HIV-exposed, uninfected (HEU) infants experience higher rates of morbidity and mortality than HIV-unexposed uninfected (HUU) infants. Few studies have examined whether particular infections and/or immune responses are associated with hospitalization among HEU infants born in the United States.
We evaluated a subset of HEU infants enrolled in the International Maternal Pediatric Adolescent AIDS Clinical Trials Group P1025 and/or Pediatric HIV/AIDS Cohort Study Surveillance Monitoring for ART Toxicities studies. We determined seroconversion to 6 respiratory viruses and measured antibody concentrations to 9 vaccine antigens using quantitative ELISA or electrochemiluminesence. Multivariable modified Poisson regression models were fit to evaluate the associations of seroconversion to each respiratory virus/family and antibody concentrations to vaccine antigens with the risk of hospitalization in the first year of life. Antibody concentrations to vaccine antigens were compared between HEU infants and HUU infants from a single site using multivariable linear regression models.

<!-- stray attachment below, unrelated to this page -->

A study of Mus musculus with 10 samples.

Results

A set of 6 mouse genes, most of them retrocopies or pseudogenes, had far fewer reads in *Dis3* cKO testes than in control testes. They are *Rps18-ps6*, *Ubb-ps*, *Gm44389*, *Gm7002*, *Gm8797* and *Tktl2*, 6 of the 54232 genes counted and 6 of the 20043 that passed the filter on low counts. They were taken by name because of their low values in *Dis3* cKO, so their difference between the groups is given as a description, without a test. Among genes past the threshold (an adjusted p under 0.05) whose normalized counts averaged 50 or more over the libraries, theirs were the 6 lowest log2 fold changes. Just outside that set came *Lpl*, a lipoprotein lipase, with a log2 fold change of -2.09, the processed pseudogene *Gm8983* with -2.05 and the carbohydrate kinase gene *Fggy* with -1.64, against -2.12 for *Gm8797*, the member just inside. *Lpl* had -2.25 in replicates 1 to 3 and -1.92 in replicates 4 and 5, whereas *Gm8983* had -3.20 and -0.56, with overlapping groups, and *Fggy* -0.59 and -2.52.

Among 556 HEU infants, seroconversion to respiratory syncytial virus (RSV) and parainfluenza were associated with hospitalization [adjusted risk ratio: 1.95 (95% CI 1.21-3.15); 2.30 (1.42-3.73), respectively]. Antibody concentrations to tetanus toxoid, pertussis, and pneumococcal vaccine antigens were higher among 525 HEU compared with 100 HUU infants. No associations were observed between antibody concentrations to any vaccine and hospitalization among HEU infants.
RSV and parainfluenza contribute to hospitalization among HEU infants in the first year of life. HEU infants demonstrate robust antibody responses to vaccine antigens; therefore, humoral immune defects likely do not explain the increased susceptibility to infection observed in this population.